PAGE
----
Congenital heart defect prompts rare canine heart surgery
Tetralogy of Fallot is a set of four structural heart abnormalities uncommon in dogs and often fatal before the age of one. Called “blue baby syndrome” in humans, the congenital heart defect prevents oxygenated blood from properly circulating through the body.
This was the situation for Lilly Rose, a beagle, before she found herself at Colorado State University College of Veterinary Medicine and Biomedical Sciences (CSU-CVMBS), and the James L. Voss Veterinary Teaching Hospital.
The solution involved two heart operations, one in September 2014 and a second surgery in July. Today, Lilly Rose returned to CSU-CVMBS for her one-month post-surgery check-up.
While Lilly Rose’s prognosis is palliative, her quality of life and chances for long-term survival have improved. (She has now celebrated her one-year birthday.)
“The dog came here blue and is going home pink,” said Christopher Orton, DVM, PhD, Diplomate American College of Veterinary Surgeons, and professor of clinical sciences at CSU-CVMBS, after the July operation.
Oren, a pioneer in canine heart surgery, performed the three-hour surgery. Marisa Ames, DVM, Dipomate ACVIM (cardiology) and assistant professor of clinical sciences at CSU-CVMBS, assisted Orton with the surgery, along with a team of veterinary residents.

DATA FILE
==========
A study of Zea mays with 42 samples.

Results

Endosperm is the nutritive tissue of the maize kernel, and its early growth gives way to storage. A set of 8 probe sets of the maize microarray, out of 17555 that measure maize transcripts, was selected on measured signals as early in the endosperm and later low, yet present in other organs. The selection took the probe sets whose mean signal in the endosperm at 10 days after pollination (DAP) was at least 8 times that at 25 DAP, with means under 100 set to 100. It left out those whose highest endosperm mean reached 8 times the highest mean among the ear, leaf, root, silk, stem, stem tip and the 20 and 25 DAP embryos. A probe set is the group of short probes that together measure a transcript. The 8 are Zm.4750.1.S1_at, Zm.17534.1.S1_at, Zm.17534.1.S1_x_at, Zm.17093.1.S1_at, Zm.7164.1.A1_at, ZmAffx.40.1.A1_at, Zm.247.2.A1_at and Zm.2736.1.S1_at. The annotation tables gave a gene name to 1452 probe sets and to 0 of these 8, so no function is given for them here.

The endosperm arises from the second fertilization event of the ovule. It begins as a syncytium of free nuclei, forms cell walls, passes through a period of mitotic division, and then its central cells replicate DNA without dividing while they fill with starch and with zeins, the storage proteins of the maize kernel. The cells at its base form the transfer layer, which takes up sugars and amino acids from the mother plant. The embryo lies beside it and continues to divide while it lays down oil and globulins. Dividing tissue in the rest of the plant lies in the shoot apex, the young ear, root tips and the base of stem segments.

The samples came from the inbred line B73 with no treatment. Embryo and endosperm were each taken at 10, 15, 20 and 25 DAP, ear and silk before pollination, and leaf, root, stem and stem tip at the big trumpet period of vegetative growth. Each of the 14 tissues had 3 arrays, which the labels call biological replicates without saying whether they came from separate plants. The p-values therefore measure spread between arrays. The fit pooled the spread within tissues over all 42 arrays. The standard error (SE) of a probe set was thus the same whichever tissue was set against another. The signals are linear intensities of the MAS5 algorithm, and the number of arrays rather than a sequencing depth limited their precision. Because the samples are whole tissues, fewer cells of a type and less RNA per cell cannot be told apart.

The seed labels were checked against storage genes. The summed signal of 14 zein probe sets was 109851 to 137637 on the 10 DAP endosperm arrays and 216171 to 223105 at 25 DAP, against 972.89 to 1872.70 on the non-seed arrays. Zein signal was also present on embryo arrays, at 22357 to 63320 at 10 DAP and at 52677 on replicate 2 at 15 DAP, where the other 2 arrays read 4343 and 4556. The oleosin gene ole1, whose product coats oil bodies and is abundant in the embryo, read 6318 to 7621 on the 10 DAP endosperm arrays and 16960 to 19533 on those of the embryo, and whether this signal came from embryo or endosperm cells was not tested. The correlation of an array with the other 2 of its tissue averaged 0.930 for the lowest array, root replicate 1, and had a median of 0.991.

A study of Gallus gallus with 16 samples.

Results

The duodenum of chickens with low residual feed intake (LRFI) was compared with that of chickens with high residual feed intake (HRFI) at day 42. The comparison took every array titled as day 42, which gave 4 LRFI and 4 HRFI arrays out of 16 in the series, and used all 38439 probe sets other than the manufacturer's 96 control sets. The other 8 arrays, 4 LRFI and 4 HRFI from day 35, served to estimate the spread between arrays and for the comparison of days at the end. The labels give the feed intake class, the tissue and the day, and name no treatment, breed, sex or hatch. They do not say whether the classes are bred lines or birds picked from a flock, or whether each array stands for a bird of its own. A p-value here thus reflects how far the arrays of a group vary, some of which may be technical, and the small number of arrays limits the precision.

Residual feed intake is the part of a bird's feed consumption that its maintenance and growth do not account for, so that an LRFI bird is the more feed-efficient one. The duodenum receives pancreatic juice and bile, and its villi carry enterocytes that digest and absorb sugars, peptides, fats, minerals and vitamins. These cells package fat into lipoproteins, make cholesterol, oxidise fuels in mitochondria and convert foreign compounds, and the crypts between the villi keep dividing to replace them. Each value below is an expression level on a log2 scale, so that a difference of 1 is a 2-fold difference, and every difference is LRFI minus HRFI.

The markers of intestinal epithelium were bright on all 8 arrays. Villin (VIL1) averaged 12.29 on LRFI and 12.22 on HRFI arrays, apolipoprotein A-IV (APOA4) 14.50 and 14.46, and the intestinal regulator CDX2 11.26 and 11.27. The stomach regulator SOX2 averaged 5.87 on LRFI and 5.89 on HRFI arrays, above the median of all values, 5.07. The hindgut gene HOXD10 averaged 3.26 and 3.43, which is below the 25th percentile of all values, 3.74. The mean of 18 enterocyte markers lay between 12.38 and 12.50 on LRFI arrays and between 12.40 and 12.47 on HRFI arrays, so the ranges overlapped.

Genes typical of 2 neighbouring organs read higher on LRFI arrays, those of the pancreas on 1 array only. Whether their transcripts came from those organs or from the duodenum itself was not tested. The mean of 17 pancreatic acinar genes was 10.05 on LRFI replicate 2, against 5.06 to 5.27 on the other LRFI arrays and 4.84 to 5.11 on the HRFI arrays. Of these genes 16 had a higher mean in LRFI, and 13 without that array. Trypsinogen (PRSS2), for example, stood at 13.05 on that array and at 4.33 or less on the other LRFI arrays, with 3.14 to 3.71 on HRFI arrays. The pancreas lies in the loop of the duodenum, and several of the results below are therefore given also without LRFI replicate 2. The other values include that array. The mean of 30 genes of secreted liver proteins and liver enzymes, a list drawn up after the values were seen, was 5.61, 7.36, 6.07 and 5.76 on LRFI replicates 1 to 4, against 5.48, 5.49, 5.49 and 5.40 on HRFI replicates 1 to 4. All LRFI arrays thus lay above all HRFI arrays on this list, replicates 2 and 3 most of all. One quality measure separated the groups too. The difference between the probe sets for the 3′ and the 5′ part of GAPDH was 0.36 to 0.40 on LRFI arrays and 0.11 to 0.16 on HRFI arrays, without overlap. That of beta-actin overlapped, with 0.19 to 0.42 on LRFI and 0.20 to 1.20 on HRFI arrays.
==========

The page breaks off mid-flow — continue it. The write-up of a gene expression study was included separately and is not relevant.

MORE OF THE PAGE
The first procedure the beagle underwent, last fall, involved performing a balloon valvuloplasty. In this minimally invasive procedure, a thin catheter is inserted into the heart, and a balloon at the tip is inflated to stretch open a constricted heart valve. This improves the flow of blood to the lungs for oxygenation.
The valvuloplasty bought time until doctors could perform heart surgery to install a shunt that further increases blood flow from the heart to the lungs for life-giving oxygen. Called a modified Blalock-Taussig shunt, the device is a small, artificial tube that diverts blood, in this case, for the purpose of recirculating through the lungs to pick up more oxygen before it travels into the body to enliven cells and tissues.
The shunt connects a systemic artery, which carries oxygenated blood to the body, to the pulmonary artery, which carries deoxygenated blood to the lungs.
“Dr. Orton uses synthetic tubing to connect a branch of the aorta to her pulmonary artery. This gives the blood a second shot to pick up oxygen,” said Ames. “This is blood that has already gone through the entire heart. But we’re saying, ‘Let’s take one more spin through the lungs and pick up more oxygen.'
“Our senior cardiology resident, Dr. Christian Weder, is writing up [Lilly’s] case, so her story will hopefully help other dogs,” said Ames. “This sequence of treatments has been described only once in veterinary literature, yet no follow-up information is available.”